When I played football for the first time, it was exhilarating. I loved running around, passing the ball, dribbling and trying to score goals. I was terrible at playing then. I couldn't kick the ball such that it went up into the air. Every time I kicked the ball, it would only roll along the ground. My dribbling was no good. I would try to run past someone with the ball, only to lose it. My passes wouldn't reach the person I intended it for and my shots wouldn't be on target.

Nonetheless, that first time was a lot of fun.

The next few weeks were quite exciting as well. Each day I was out on the ground, I could see that I was getting better. I could pass more accurately, I could shoot more accurately, I could shoot with greater power, I could control the ball better, and my feet began to feel more dexterous. Every day I played, there was visible progress in the quality of my game.

Until I plateaued.

After that, the excitement levels weren't always high. Sure, when I played games that were closely fought or when I played in tournaments, there was certainly excitement. But the practice I had to go through every day in order to continue to get better and be good enough to play in those tournaments weren't all that exciting.

Writing my first story was exciting. But writing five hundred to a thousand words towards a novel everyday wasn't always exciting.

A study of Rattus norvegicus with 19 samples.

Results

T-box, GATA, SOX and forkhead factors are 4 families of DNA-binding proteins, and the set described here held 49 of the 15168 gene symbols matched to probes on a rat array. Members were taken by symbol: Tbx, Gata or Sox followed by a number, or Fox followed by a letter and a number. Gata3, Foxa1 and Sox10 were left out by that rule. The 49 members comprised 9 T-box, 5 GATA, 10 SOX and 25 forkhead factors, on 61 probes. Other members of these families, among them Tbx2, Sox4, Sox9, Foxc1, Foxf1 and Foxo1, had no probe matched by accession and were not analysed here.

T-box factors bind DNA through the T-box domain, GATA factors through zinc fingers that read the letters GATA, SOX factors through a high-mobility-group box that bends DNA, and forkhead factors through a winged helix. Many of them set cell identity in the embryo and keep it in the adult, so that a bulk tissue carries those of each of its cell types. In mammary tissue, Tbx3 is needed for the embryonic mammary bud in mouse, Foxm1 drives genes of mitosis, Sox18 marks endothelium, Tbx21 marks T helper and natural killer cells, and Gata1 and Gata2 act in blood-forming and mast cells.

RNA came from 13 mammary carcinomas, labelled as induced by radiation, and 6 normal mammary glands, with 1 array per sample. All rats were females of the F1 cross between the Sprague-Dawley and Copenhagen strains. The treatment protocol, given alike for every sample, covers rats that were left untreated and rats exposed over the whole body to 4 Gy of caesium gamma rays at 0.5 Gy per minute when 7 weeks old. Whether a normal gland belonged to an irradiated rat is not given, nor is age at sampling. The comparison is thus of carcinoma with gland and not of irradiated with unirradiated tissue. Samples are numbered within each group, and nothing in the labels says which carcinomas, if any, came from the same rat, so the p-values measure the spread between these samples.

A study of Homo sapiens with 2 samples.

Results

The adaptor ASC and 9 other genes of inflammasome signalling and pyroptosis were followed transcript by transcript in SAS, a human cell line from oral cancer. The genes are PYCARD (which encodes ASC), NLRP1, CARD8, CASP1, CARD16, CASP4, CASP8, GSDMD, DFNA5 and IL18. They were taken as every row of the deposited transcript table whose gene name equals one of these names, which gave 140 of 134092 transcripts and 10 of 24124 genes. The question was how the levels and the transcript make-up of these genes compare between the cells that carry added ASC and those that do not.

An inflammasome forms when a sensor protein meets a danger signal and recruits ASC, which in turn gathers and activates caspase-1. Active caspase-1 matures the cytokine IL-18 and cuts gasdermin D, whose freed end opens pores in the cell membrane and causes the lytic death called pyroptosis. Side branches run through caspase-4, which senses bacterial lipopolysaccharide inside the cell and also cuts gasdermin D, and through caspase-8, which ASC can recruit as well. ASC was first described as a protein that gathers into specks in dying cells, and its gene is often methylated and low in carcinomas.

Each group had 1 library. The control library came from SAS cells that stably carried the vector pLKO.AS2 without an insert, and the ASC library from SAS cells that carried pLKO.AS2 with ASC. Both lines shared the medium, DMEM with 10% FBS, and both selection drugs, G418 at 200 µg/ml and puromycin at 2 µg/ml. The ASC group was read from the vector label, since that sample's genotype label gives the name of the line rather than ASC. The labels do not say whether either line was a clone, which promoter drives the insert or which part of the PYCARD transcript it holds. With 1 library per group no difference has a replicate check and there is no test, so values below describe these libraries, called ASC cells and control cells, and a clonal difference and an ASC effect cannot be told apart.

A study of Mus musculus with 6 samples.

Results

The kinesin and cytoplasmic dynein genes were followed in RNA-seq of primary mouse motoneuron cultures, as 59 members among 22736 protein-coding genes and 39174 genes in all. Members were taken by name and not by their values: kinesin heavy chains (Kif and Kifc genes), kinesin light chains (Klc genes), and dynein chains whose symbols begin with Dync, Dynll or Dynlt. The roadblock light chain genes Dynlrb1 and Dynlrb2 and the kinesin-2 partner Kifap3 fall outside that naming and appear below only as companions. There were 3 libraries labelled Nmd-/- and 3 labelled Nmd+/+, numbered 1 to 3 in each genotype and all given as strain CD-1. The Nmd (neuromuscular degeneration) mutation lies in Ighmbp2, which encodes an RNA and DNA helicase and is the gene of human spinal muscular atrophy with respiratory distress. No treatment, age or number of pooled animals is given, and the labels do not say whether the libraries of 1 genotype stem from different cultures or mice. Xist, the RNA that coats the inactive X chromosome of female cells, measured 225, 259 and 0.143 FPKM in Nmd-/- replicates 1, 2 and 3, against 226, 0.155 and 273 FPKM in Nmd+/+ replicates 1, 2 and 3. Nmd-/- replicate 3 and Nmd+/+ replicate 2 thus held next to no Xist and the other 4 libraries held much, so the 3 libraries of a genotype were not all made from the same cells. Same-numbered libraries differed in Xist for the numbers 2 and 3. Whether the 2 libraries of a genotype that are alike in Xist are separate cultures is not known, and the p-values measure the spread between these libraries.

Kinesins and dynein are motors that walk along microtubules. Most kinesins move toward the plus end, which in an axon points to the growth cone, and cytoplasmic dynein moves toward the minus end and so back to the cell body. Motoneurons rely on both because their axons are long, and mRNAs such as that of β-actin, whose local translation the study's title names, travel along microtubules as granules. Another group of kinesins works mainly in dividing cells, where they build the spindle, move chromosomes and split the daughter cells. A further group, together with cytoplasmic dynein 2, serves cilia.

Writing my first few blog posts was exciting. But writing every day isn't the most exciting of tasks. Sometimes, it even feels like a chore. And there are definitely occasions when it becomes downright boring.

With anything we do, there is excitement when there is visible progress, when we see ourselves level up. But, leveling up is easy and quick in the early days. When starting off with something, we quickly level up through the initial levels until we get to our base level of proficiency in that task. And we thoroughly enjoy doing the task during this time and are excited to see ourselves quickly level up.

As we begin to plateau, however, it gets progressively harder to level up. It takes weeks and months of consistent effort to see some form of visible progress. And during this period, we have to persist through the boredom, or at least through the lack of excitement.

But if our goal is mastery, or even proficiency, then there is no other option but to persist through the boredom. Because if we are leveling up at a quick rate, we are less than novices that will soon come up against harder challenges.

Those who consistently seek excitement won't get far and won't get very good at anything. However, those who embrace the boredom and consistently put in the effort to get incrementally better each day, are boarding the train to mastery.